Covid will be more like the common cold than flu, say scientists

Covid will be more like the common cold than flu and will reach ‘equilibrium’ in a ‘very few years’, say scientists

  • Professor Paul Hunter said mounting immunity would make Covid less severe
  • He added the virus was likely to stop sparking spiralling cases and deaths
  • Other experts also said last week that Covid was becoming like a ‘bad cold’ 

Professor Paul Hunter, an infectious diseases expert, said the virus would become more like the common cold

Covid will become more like a common cold than flu and reach an ‘equilibrium’ in the population within a few years, top scientists believe.

Professor Paul Hunter, an infectious diseases expert at the University of East Anglia, said the virus will ‘not cause the disease we have come to recognise over the past year’ because so many will be protected, through vaccination or  previous infection.

Britain’s jab rollout has been the biggest factor in making Covid less severe for millions of people, slashing the risk of death to fewer than one in 1,000 now compared to around one in 100 in the second wave of the pandemic.

And because the virus will be endemic, meaning it will never be eradicated, people will gradually build-up natural immunity and symptoms will eventually ‘resemble that of a common cold’, Professor Hunter suggested. 

He added the coronavirus was likely to reach a stable point over the next few years, where it would continue to spread but cause barely any deaths or severe illness. 

Four other coronaviruses infect people repeatedly during their lives — but normally only trigger symptoms similar to the common cold. 

Covid-tracking researchers say the disease has already started to morph into a ‘bad cold’, causing a runny nose, headache and sneezing.    

The common cold sparks symptoms including a runny nose, sore throat and coughs. But the flu can be more severe and lead to people being hospitalised. (Pictured: Woman with a cold)

Discussing the threat Covid poses in the future, Professor Hunter told The Times: ‘It will not be like influenza. 

‘It will be like a coronavirus, and we already have four endemic coronaviruses that have been part of human society for over a century.’

He added: ‘It will not cause the disease we have come to recognise over the past year, but more and more resemble the common cold.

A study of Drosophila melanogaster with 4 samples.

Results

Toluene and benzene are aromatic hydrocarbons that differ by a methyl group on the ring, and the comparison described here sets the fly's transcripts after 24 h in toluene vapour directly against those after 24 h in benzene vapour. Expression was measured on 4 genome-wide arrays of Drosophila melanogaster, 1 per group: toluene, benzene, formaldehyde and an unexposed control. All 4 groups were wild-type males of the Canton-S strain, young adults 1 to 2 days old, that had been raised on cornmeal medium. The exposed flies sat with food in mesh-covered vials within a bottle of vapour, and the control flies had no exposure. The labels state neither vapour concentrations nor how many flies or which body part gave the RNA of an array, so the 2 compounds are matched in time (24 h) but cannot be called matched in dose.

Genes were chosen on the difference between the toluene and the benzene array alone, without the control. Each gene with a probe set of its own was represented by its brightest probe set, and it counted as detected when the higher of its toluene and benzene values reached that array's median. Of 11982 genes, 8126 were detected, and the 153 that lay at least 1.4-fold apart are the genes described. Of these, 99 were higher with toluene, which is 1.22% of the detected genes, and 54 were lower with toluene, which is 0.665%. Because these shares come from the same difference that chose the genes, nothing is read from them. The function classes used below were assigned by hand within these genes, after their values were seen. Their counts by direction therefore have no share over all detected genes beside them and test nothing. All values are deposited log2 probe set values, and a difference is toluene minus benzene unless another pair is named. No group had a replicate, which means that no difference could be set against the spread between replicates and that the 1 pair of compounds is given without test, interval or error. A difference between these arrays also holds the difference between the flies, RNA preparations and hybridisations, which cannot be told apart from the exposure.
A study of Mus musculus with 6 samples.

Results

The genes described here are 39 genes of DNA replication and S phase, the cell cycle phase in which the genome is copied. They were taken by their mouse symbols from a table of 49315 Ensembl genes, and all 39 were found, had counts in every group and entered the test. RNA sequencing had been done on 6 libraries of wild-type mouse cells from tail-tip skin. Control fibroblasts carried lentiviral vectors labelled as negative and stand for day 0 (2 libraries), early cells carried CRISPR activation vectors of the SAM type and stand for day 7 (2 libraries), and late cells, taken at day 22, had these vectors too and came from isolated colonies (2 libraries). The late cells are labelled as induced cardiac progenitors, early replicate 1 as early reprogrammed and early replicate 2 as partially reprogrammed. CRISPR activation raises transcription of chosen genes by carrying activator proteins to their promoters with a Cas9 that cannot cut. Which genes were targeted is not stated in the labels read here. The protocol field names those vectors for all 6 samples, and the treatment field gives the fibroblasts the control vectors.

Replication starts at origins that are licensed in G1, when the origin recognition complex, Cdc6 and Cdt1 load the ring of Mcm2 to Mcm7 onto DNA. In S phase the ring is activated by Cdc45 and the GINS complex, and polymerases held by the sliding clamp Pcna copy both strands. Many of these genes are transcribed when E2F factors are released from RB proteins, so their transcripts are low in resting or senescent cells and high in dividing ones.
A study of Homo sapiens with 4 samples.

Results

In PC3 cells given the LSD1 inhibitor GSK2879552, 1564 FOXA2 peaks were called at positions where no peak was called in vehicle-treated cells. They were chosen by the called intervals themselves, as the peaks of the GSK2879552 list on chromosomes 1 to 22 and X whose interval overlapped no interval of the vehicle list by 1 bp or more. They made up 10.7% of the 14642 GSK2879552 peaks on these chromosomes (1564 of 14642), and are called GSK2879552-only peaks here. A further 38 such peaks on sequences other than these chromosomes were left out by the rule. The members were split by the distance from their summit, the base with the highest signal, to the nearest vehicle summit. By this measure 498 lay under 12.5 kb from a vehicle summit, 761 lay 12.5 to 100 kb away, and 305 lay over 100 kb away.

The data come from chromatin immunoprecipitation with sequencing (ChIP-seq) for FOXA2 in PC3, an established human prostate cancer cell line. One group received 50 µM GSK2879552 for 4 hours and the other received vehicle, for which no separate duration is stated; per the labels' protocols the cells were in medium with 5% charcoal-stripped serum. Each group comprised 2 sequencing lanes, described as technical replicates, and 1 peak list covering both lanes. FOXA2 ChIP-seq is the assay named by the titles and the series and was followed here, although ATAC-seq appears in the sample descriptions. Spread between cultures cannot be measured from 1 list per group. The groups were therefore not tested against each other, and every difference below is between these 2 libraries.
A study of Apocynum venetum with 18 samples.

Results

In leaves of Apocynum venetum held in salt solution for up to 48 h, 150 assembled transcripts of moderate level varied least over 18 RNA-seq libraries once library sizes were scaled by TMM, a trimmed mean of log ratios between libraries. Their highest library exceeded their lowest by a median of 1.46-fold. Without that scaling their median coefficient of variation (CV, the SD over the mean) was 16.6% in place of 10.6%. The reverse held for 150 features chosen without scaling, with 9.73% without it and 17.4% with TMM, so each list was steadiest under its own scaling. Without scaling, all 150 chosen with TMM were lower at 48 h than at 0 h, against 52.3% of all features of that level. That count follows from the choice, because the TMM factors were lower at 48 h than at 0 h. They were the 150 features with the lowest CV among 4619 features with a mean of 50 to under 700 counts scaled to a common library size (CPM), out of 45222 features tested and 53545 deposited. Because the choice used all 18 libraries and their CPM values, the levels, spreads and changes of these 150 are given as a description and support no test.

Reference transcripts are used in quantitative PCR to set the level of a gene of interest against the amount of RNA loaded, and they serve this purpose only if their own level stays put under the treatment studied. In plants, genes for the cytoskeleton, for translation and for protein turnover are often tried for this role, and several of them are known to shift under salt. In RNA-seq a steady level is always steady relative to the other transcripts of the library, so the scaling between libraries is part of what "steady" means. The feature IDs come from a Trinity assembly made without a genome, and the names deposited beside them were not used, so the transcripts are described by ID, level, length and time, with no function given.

‘The virus and ourselves will find an equilibrium and that equilibrium within a very few years will not include many severe cases or deaths.’

Common Cold

The common cold is an upper respiratory tract infection that usually clears on its own within two weeks.

The NHS advises those suffering from the illness to stay home, sleep, keep warm and ensure they drink plenty of water. 

Its symptoms include:

  • Blocked or runny nose
  • Sore throat
  • Headaches
  • Muscle aches
  • Coughs
  • Sneezing
  • Raised temperature
  • Pressure in your ears and face
  • Loss of taste and smell 


This common respiratory infection can be more severe than the common cold. 

The NHS says the disease often gets better on its own, but it can make some people ‘seriously ill’.

They advise sufferers to stay home and rest, but also recommend taking common painkillers paracetamol or ibuprofen to lower body temperature.

Its symptoms include:

  • High temperature above 38C (100F)
  • Aching body
  • Feeling tired or exhausted
  • Dry cough
  • Sore throat
  • Headache
  • Difficulty sleeping
  • Loss of appetite
  • Diarrhoea or tummy pain
  • Feeling sick or being sick

Professor Hunter also said Britain should brace itself for a ‘winter surge’ in Covid hospitalisations and deaths.

Although, he said it would be ‘considerably less than [from] seasonal influenza’ — which is more intense than a cold.

Colds often clear within days and cause little more than a runny nose.

But flu — which kills around 20,000 Brits every year — can quickly progress into pneumonia. 

Flu admissions are expected to spike this winter because very few people currently have any immunity against it, mainly due to Covid lockdowns thwarting the spread of all viruses.   

But the annual flu inoculation drive will still be going ahead to combat this. 

King’s College London epidemiologist Professor Tim Spector said last week that Covid was now like a ‘bad cold’ thanks to the inoculation drive.

The leader of Britain’s largest symptom-tracking study said: ‘While rates of Covid infection are high, it’s reassuring to see vaccinations protecting the vulnerable and deaths remain very low.

‘ZOE Covid study data shows symptoms are more mild and are similar to those of a bad cold, with a runny nose, headache and a sore throat among the top symptoms for all groups.

‘Sneezing has also emerged as a symptom among partially and fully vaccinated people.’

Scientists and medics want the Covid symptoms list — which only includes a high temperature, new continuous cough, and loss of taste and smell — to be expanded amid fears mild infections are being missed.

Vaccines are highly effective at protecting people against hospitalisation and death from the disease, but are less able to block infections.

But the immune response they trigger mean many people are able to fight it off after only suffering a mild form of the illness.

Nearly 45.3million Britons — or 86 per cent of adults — have got at least one dose of the vaccine, and 33.6million — or 63.8 per cent — have received both doses.

It comes as Boris Johnson today prepares to set out his plans for exiting lockdown to the country, with laws on wearing face masks and social distancing set to be abandoned on July 19.

The Prime Minister is also expected to say vaccines have ‘weakened’ the link between cases and hospitalisations and deaths.